A growing concern in health care, antibiotic resistance weakens our ability to treat common infectious diseases.
With antibiotics becoming less effective, researchers are looking into possible alternative treatment methods, including phage therapy.
Bacteriophages, or phages for short, are viruses that hijack bacterial cells to reproduce. Phage therapy uses phages to fight bacterial infections. Its main appeal is its potential to work on organisms resistant to antibiotics.
However, concerns regarding phage therapy stem from it being a poorly controlled technique, with an incomplete characterization of phage biology. Risks from phage evolution or its exponential replication create apprehension about its biocontrol, for instance.
Popular in former republics of the Soviet Union, phage therapy is viewed generally as a last-resort option. Treatment is not available in the United States, though clinical interest is increasing with North America’s first phage therapy center having opened at UC San Diego in 2019.
“Despite these problems, people have been turning to phage therapy in extreme situations. Our work is geared toward bringing phage therapy under control so that it can be used safely and more widely,” Irene Chen, an associate professor in UC Santa Barbara’s department of chemistry and biochemistry, wrote in an email.
The study’s results appear in a paper published in the Proceedings of the National Academy of Sciences of the United States of America.
Chen and her team aimed to address phage therapy issues by conjugating the phages to gold nanorods (AuNRs), creating “phanorods.” They worked with UCSB mechanical engineering professor Beth Pruitt and her lab, who provided the proof of concept on the selectivity of phage therapy to target bacterial cells without killing non-harmful cells.
“[W]e were delighted to be part of testing this new exciting technology for the selective killing of bacteria while preserving mammalian cell health in culture,” Pruitt said via email. “This preliminary work supports the idea of using such an approach in a wound healing environment to safely stamp out bacterial infections [with] little or no toxicity to the healing tissue.”
The phanorods were engineered to carefully target certain Gram-negative bacteria including E. coli, P. aeruginosa and V. cholerae which infect humans, and X. campestris, which infects plants. By exciting the AuNRs with near-infrared light, the researchers could locally generate heat to efficiently and selectively kill bacterial cells and the phages themselves, quelling any undesired future phage evolutions or replications.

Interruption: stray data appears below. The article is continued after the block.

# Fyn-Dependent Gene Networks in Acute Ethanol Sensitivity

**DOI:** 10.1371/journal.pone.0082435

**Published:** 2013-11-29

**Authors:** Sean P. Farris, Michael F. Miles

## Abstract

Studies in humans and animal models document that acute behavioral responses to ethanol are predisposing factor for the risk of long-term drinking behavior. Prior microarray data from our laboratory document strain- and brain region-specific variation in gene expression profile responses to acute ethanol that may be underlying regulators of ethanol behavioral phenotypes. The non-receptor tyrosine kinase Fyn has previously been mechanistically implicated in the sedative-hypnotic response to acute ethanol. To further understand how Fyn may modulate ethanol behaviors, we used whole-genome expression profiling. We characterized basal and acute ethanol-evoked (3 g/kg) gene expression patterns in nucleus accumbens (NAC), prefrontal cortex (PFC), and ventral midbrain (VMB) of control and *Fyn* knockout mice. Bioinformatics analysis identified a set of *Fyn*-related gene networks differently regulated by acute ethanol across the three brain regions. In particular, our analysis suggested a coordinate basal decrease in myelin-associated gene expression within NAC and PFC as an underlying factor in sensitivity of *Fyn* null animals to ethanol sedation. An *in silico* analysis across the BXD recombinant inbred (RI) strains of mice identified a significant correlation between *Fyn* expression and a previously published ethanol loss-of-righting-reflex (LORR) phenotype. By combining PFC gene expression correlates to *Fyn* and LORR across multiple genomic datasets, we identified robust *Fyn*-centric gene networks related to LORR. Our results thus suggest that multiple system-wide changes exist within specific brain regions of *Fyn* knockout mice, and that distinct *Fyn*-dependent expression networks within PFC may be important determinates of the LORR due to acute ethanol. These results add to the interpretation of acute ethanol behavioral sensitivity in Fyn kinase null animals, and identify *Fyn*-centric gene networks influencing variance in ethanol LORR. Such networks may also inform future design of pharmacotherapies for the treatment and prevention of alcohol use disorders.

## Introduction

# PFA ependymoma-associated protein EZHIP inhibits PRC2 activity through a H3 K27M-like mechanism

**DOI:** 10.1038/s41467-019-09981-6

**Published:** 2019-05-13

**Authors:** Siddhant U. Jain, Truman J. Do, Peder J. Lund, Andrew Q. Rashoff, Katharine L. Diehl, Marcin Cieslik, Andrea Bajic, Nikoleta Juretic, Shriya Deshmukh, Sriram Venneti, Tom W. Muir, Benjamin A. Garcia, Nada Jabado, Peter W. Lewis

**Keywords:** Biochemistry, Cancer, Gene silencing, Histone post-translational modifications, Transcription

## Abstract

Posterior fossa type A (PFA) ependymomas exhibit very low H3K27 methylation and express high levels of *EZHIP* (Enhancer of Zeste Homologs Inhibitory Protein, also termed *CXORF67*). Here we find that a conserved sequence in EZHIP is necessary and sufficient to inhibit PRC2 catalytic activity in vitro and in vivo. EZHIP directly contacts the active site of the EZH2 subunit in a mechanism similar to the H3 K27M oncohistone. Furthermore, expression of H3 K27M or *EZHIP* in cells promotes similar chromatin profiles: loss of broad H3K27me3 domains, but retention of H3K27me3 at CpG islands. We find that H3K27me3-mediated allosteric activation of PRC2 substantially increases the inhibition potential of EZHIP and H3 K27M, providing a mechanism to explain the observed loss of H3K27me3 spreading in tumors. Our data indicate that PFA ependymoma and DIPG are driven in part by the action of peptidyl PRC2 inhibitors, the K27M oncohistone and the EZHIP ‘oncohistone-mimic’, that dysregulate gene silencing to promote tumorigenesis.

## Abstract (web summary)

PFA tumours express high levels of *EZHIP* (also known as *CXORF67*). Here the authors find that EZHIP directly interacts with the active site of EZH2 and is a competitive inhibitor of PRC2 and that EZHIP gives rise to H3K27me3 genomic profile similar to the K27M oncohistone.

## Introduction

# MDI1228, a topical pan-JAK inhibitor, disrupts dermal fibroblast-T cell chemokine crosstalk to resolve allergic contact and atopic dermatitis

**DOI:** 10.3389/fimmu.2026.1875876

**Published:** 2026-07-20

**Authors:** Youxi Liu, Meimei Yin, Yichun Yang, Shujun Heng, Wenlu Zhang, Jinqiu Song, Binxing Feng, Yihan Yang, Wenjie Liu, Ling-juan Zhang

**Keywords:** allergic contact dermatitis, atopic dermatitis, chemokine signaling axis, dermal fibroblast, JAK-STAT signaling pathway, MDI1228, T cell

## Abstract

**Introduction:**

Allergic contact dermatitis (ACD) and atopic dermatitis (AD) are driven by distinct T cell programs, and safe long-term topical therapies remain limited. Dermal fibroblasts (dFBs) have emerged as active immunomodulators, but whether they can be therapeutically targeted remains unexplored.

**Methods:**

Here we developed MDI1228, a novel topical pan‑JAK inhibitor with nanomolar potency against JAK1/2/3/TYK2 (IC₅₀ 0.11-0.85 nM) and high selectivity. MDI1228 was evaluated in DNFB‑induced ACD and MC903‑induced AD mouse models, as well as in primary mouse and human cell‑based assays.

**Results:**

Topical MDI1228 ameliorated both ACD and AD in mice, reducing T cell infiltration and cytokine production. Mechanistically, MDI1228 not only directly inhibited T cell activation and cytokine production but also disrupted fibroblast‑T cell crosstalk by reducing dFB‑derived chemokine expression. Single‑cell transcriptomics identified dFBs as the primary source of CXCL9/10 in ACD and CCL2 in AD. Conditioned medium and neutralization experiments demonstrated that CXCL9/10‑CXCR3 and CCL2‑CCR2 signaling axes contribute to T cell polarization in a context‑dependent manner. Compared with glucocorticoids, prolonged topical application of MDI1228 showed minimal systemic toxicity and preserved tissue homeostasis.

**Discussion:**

“When the nanorods are exposed to certain wavelengths of light, they absorb the light and convert the energy to heat (the photothermal effect). This leads to very high local temperatures around the phanorods, which essentially cooks the bacteria as well as the phage, while leaving non-targeted cells alive,” Chen explained.
Huan Peng, a postdoctoral fellow in Chen’s lab, stumbled upon the idea to use AuNRs in phage therapy.
“We were actually initially looking for a quick assay to check the binding of some engineered phages to bacteria,” Chen recalled.
The photothermal effect of AuNRs has been used in nanomedicine techniques to treat cancer, as according to Chen, “that was the genesis of the idea to use the AuNRs to specifically kill bacteria. We then realized that this method would have important advantages over other phage therapy approaches.”
To test the potential of these phanorods further, the researchers applied them to a P. aeruginosa biofilm. Biofilms consist of a dense buildup of bacterial cells. They present a crucial problem in treating bacterial infections due to their greater resistivity to penetration by antibiotics. The assemblage of cells provides an advantage as even after being subjected to antibiotics, more cells can survive than if they were individually exposed to antibiotics.
Chen and her collaborators showed extensive bacterial cell death in the biofilm as a result of the phonorods. They additionally tested how well the phanorods could kill bacterial cells without harming surrounding mammalian cells by using them on a P. aeruginosa biofilm growing directly on top of canine kidney cells. Once again, the scientists were able to demonstrate widespread bacterial cell death along with survival of the majority of kidney cells (84%).
“Showing that biofilms can be destroyed by the phanorods suggests that phanorods might work in physical scenarios when antibiotics might not,” Chen said.
The next major step is to study phage therapy in more realistic models of bacterial infections, according to Chen. “In addition, it is important for us to expand the number of microbes that we can target.”
“Right now there are many reasonable hesitations about phage therapy stemming from the lack of control over these biological entities. We believe that controlling phage therapy in this way could allow phages to become an acceptable therapy for use in antibiotic-resistant infections,” Chen said.